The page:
Having a glass of wine with a meal is a pleasure that many of us enjoy. Why should seniors be robbed of that pleasure the moment they enter aged care?
Well, they need not be.
Residents should be able to enjoy a safe level of alcohol, including wine, in aged care facilities, Dr Harry Nespolon, President of the Royal Australian College of General Practitioners, told HelloCare.
Aged care residents should be able to enjoy their lives, he said. “They’re not in prison.”
“A little tipple is okey-dokey,” he said.
“You’ve just got to be sensible about it,” he said.
Dr Nespolon recommends a “common sense approach” and says residents should be carefully assessed before they are served alcohol in an aged care facility.
Ideally residents are free to make their own choices
Serving wine to residents in aged care facilities reflects a person-centered approach to care.
It means that residents are given the freedom to make the decision themselves about whether or not they wish to drink wine. The decision is not made for them by a management that places a ban on alcohol.
We must also be mindful of the fact that aged care facilities are homes. If a resident has had a glass of wine with their dinner every evening before they moved into care, they should be enabled to continue to carry on that routine while living in aged care.
Continuing familiar routines and rituals can help residents adjust to living in aged care facilities, and can also add to their quality of life while in care.
How much alcohol should be served?
Many aged care facilities do serve wine with lunch and dinner, and many also have happy hour once a week, but as with all alcohol service and consumption, there need to be some limitations and a careful approach.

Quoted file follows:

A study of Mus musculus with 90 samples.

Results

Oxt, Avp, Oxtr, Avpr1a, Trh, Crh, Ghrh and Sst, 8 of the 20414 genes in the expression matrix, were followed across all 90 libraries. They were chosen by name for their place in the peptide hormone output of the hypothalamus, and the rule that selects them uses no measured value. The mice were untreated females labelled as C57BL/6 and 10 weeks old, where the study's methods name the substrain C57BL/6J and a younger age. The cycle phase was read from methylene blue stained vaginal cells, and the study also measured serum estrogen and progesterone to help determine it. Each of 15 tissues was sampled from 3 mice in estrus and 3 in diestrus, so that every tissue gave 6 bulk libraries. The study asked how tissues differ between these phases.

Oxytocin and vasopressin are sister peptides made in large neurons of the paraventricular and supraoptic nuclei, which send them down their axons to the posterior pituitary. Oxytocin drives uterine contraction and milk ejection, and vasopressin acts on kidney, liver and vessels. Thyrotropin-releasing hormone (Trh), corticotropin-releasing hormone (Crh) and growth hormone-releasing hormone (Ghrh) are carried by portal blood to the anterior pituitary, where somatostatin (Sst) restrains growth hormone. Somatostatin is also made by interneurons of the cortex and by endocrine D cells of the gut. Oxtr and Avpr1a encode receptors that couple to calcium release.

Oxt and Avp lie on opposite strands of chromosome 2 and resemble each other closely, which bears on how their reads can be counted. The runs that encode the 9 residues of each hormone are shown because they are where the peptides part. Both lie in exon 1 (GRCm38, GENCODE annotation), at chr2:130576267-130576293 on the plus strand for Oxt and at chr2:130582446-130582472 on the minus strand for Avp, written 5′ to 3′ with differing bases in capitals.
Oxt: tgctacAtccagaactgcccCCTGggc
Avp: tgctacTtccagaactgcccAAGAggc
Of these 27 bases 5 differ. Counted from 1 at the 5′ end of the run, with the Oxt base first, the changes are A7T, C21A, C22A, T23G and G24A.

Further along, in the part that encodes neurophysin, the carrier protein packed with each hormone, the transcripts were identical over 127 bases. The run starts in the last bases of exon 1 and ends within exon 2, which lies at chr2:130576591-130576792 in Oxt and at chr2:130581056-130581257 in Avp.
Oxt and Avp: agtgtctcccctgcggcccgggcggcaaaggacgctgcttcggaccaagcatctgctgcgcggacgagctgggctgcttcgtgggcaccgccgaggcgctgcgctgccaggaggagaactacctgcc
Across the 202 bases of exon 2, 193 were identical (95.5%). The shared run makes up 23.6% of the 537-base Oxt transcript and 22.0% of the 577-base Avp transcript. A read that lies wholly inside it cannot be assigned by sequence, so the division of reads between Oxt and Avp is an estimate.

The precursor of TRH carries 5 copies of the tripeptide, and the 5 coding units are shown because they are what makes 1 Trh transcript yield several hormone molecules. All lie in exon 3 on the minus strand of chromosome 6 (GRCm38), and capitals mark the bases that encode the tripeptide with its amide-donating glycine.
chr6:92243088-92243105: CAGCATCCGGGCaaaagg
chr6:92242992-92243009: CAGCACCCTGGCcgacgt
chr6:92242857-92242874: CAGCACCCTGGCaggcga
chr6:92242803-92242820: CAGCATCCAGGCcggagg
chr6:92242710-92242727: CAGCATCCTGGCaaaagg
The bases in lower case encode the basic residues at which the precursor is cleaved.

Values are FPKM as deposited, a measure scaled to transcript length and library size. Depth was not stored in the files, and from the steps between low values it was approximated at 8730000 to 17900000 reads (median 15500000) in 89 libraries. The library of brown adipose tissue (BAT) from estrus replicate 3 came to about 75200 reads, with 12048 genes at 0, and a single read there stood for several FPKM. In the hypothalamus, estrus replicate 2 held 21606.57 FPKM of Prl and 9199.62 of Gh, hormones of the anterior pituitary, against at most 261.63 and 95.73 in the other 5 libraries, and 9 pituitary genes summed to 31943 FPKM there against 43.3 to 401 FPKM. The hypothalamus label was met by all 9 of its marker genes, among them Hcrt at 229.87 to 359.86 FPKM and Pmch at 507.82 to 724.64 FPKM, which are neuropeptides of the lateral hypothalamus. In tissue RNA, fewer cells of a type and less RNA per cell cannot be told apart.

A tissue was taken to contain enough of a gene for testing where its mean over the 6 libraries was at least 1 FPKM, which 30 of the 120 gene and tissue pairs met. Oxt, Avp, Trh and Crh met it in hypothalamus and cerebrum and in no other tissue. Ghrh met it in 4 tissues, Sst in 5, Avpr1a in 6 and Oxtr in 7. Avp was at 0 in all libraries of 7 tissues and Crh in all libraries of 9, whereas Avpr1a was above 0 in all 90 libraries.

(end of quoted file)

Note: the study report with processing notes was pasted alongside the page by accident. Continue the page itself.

Dr Nespolon said the amount of alcohol served in aged care facilities should reflect the government’s Alcohol Guidelines, which recommend that you should drink no more than two standard drinks a day.
What is a standard drink?
A standard glass of wine is 150ml, which amounts to about half a glass.
A standard full-strength beer is 285ml – a measure commonly known as a ‘middy’.
But Dr Nespolon noted that safe drinking levels differ for every person, and older people can be particularly sensitive to the effects of alcohol.
Older people often eat less, they may weigh less, and they may have cognitive changes that inhibit their ability to cope with alcohol consumption.
Some residents may be taking medication that has contraindications for consumption of alcohol.
Dr Nespolon said before residents are served an alcoholic drink, they should be carefully assessed for their ability to safely consume it alcohol.
But be wise to the risks
Dr Nespolon acknowledged there are some risks associated with serving alcohol in aged care facilities.
Of course, overconsumption of alcohol could be a problem, but that’s is hardly limited to nursing homes, Dr Nespolon said.
Consumption of alcohol could also make people become psychotic or violent, which could pose a risk to the safety of both the resident themself or staff or visitors in the vicinity.
“So it’s not without its risk,” Mr Nespolon said, but if residents are appropriately assessed beforehand it should be perfectly okay, he said.
Please note: This image used to illustrate this article does not represent actual people or events. Image: iStock.